I’m really excited by the proliferation of databases which aren’t relational in nature. There are almost too many variations to name now. The argument for making your data layer really plug-able is much more compelling now. I was never convinced of the need previously because it seemed like such a zero-sum game to switch from SQL Server to Oracle to MySQL. The performance profiles were, for the most part, not all that divergent and any cost savings would probably be swallowed by retraining and updating the application. But now there can be significant differences in performance for certain tasks between SQL database and other types. This means that a decision which use to be easy, “Which database should I use?”, is vastly more complicated. As with all complicated decision in system design it is best to delay them until you have as much information as possible.

With all the choices available to developers for storing data I worry a bit that relational databases will be ignored in favour of other storage mechanisms. There is sill plenty of data which makes sense in a relational database. Heck, I would even claim that most of the data we deal with on a day to day basis makes the most sense in a relational database.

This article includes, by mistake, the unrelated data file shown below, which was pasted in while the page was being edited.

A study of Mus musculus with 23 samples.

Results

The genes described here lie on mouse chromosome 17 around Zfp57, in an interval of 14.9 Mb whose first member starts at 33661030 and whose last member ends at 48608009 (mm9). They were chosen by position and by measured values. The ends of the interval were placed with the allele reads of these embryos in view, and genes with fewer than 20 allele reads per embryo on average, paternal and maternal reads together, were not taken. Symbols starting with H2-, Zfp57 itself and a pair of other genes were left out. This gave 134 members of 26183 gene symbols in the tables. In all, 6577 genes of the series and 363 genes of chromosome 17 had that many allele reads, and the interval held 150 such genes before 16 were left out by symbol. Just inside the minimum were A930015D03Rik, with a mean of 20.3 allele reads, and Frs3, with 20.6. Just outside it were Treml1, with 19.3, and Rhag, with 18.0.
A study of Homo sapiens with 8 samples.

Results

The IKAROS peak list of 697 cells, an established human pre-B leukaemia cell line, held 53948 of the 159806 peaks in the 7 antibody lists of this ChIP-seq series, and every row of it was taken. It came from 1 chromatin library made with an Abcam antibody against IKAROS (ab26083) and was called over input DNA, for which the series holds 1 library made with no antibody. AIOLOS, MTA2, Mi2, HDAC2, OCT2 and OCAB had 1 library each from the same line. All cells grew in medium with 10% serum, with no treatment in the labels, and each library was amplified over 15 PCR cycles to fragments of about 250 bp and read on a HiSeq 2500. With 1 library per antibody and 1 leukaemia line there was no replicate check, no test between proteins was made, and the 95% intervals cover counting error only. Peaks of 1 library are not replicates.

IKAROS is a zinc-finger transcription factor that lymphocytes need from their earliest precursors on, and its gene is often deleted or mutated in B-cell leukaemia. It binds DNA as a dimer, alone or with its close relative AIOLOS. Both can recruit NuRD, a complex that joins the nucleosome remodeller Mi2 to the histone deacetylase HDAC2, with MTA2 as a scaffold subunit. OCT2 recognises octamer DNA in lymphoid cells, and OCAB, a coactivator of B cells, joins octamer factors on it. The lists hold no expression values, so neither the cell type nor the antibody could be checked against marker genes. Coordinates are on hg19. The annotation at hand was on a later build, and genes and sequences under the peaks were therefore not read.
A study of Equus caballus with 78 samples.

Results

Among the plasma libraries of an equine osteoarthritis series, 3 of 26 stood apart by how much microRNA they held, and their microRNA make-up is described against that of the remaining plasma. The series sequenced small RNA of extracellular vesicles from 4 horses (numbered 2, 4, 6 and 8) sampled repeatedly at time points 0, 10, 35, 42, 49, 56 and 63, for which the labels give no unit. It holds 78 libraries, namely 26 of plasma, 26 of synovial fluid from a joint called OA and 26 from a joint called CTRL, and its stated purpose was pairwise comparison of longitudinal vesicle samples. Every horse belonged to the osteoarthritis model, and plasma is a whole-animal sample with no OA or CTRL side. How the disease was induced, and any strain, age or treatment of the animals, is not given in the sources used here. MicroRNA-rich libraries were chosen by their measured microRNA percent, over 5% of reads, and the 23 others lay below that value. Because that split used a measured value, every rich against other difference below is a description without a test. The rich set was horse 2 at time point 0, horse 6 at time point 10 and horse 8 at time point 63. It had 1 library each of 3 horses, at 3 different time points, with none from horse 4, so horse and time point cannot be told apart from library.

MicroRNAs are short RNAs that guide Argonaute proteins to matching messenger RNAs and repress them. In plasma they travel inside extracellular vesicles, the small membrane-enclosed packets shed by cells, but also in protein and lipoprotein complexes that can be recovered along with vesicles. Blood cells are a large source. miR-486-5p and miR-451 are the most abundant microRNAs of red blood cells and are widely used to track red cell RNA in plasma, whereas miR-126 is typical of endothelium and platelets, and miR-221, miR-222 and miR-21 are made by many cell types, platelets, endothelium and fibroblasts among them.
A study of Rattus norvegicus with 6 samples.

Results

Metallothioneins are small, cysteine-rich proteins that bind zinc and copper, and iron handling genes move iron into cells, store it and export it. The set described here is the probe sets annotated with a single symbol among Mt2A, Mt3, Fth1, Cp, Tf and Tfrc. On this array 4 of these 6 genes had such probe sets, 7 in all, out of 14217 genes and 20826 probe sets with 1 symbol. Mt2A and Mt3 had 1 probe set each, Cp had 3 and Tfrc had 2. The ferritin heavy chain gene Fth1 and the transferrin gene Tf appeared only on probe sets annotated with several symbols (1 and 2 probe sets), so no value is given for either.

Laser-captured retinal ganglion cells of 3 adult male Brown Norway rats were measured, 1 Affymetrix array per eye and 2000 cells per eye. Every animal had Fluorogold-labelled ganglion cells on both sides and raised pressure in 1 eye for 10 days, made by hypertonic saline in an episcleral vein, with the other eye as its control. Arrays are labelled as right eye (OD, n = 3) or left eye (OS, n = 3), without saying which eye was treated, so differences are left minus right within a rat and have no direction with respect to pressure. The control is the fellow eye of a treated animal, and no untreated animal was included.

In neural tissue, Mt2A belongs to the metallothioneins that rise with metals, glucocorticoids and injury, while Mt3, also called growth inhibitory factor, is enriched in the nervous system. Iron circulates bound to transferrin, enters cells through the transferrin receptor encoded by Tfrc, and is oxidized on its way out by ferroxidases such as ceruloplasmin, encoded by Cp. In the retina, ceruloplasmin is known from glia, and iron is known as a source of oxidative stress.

Even with these choices it seems that a good many shops remain coupled with SQL databases. I don’t entirely blame them. If there is one technology which has been pretty slow to change it is databases. This is partly because for years we were complacent in thinking that SQL databases were the solution to all data problems and partially because there is so much perceived risk in changing database technologies.

The relationally of most data coupled with the comfort that IT departments and developers have with relational SQL databases shouldn’t be ignored when looking at data storage solutions. I would also consider that these databases have been around for many years and no matter what vendors like 10gen say they’re likely to have more bugs than established SQL databases. Before you decide on using a newer database technology you need to be sure that there is a real need for it and you’re not falling into the trap of doing whatever is new and cool. If you build in that data layer then swapping out the entire database or portions of the database is much easier.